When it comes to a good lunch, at the White Rabbit café we know the trick to creating a taste sensation is to let our star ingredients shine. And we like to make sure those key ingredients in our signature dishes are sourced from suppliers who really care about their products, which is why we always go to Staal Smokehouse for their salmon and mackerel.

A firm favourite with our café customers, the cold smoked salmon is paired with a lightly toasted bagel, cream cheese, and a side salad drizzled with our home-made chocolate vinaigrette. Our mackerel bruschetta is also a popular choice on the core menu, and there’s no wonder this hot smoked fish won Staal Smokehouse a star in the 2018 Great Taste awards – it’s amazing!

Here we chat with Staal Smokehouse owner Justin Staal about his business, based in rural Long Riston, East Yorkshire.

A meeting of minds

Ed Hawkes, White Rabbit’s Business Manager, met Justin on the farmers’ market circuit and they immediately realised they had a lot in common, especially a desire to create ethically sourced, premium, hand-crafted products.

“Ed was looking for quality local produce,” said Justin, “and I was more than happy to do business with him. We’re now a regular supplier for White Rabbit, Ed rings through his weekly order and we’ll smoke exactly what he needs so it’s as fresh as can be.”

The salmon comes from the west coast of Scotland – according to Justin the best quality salmon out there – and the mackerel originates from the north east Atlantic. He sources the fish via a Hull fish merchant, then the smoking process begins in his kilns, which were built in Hull.

Cold smoking involves curing the flesh then smoking below 30 degrees Celsius to add flavour, while hot smoking is in effect a slow-cooking process as the temperature is raised. “We hot smoke our products slowly – it takes about eight or nine hours – to ensure they are cooked but still moist. Smoking them too fast dries them out,” Justin explained.

“Some people think they don’t like smoked food as they’ve been put off by supermarket products that have been chemically smoked in liquid rather than by using traditional smokehouse methods.

“The smokiness should enhance the natural flavour of the meat and fish, not mask it,” he added.

Every smokehouse produces different flavours, mainly depending on the type of wood they use to create the smoke. Justin uses a British favourite, oak, and also applewood to add a hint of fruit. He said: “Different countries tend to prefer their local hardwoods, so in the UK it’s usually oak but in Germany it’s likely to be beech or hickory in America.”

Asked which of his products is his favourite, he laughed: “That’s like asking if you have a favourite child! I think I’d have to go for our smoked duck, which you really have to sample to appreciate. It’s smoked twice, firstly cold, then hot. It’s very subtle and works well in a walnut salad.”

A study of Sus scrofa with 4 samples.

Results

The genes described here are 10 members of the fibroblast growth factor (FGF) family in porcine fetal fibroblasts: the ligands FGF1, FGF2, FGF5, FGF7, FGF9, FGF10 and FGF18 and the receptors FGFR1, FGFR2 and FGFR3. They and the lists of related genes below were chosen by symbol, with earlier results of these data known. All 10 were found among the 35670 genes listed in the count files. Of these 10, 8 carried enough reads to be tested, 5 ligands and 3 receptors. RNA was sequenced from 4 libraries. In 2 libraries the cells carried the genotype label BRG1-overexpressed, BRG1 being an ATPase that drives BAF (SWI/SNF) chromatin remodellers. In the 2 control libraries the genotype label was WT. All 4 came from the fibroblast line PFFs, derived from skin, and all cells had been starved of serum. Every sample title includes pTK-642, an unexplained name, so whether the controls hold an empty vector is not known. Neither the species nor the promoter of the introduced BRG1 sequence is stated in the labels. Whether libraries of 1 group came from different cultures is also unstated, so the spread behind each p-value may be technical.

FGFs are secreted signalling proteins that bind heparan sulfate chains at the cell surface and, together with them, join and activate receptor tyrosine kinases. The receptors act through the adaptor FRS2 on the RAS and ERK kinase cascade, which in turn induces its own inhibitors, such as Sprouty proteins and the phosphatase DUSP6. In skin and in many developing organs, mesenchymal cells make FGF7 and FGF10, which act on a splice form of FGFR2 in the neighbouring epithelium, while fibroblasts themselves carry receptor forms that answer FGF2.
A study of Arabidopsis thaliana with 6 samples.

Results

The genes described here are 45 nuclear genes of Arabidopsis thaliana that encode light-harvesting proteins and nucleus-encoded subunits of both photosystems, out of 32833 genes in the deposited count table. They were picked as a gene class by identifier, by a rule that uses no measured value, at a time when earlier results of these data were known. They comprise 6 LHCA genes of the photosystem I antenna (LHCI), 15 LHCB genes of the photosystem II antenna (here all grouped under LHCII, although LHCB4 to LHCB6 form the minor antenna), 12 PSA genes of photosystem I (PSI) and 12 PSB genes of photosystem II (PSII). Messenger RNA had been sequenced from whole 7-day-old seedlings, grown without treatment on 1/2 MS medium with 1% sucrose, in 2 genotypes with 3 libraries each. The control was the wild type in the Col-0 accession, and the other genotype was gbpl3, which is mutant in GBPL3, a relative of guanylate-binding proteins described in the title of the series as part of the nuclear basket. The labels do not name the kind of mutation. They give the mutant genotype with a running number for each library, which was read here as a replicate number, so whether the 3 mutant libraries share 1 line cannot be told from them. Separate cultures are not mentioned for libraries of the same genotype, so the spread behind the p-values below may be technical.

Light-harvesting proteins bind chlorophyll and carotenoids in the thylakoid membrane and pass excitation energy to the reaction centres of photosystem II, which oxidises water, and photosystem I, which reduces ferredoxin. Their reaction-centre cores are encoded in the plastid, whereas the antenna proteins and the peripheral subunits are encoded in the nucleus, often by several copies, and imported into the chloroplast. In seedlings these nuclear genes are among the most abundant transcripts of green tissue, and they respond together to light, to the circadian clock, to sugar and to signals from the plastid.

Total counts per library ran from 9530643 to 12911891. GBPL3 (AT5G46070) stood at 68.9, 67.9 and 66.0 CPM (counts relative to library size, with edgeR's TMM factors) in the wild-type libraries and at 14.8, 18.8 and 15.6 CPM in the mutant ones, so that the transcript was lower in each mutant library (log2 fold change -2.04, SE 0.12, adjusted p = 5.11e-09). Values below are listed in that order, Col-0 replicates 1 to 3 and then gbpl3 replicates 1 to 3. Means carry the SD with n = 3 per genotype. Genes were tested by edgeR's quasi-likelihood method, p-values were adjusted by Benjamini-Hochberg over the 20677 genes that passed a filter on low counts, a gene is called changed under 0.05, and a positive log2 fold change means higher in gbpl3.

Living the dream

Before setting up Staal Smokehouse with his wife Georgina in 2007, Justin travelled the world as part of a previous venture arranging luxury fly-fishing holidays for enthusiasts of the sport. His travels afforded him a fascinating insight into curing and smoking techniques for fish and meat, which blend centuries-old practices with super modern technology, and they also sparked an idea for a future business.

What started as a dream to set up a cottage industry became a reality when the couple moved to Georgina’s family farm in East Yorkshire, where they are now raising their two young sons as well as their burgeoning business.

A lot of hard work and a few sleepless nights have certainly paid off as Staal Smokehouse now has customers across the nation on its books, from local eateries, delis and farm shops to two Michelin-starred restaurants – the prestigious Paul Ainsworth at No 6 in Padstow, which orders a regular supply of Staal Smokehouse’s finest smoked haddock, and the more local Pipe and Glass in South Dalton. Everything is shipped fresh, rather than frozen.

“Demand is on the rise,” said Justin, “but it remains important to us that we have a relationship with the people we sell to and that they know they are dealing direct with the business owner. We are all about working with independents like White Rabbit, who really care about quality and the customer experience.”

Justin has some exciting plans up his sleeve, but won’t give too much away. “We are looking at adding some new products to our portfolio, possibly shellfish, and we are exploring working with other producers,” he added. There is mention of a ‘gin-fused salmon’, so watch this space!

Showcasing fine flavours

Ed said: “We let the Staal products speak for themselves in the food we create with them, whether in our regular lunch dishes or meals at our occasional pop-up restaurant evenings. Their flavours are so beautifully pure, they deserve to be showcased.

“It’s always a pleasure to work with people like Justin, whose ethics and values are very similar to White Rabbit’s. It’s heartening to see so many artisan businesses flourishing in East Yorkshire, too.”

For more information about Staal Smokehouse, visit www.staalsmokehouse.co.uk The website contains a list of stockists for Staal Smokehouse products, or alternatively customers can order online direct from the website for home delivery or collection from the Smokehouse premises in Long Riston.

The site also contains a useful list of forthcoming festivals and events that Staal Smokehouse are attending.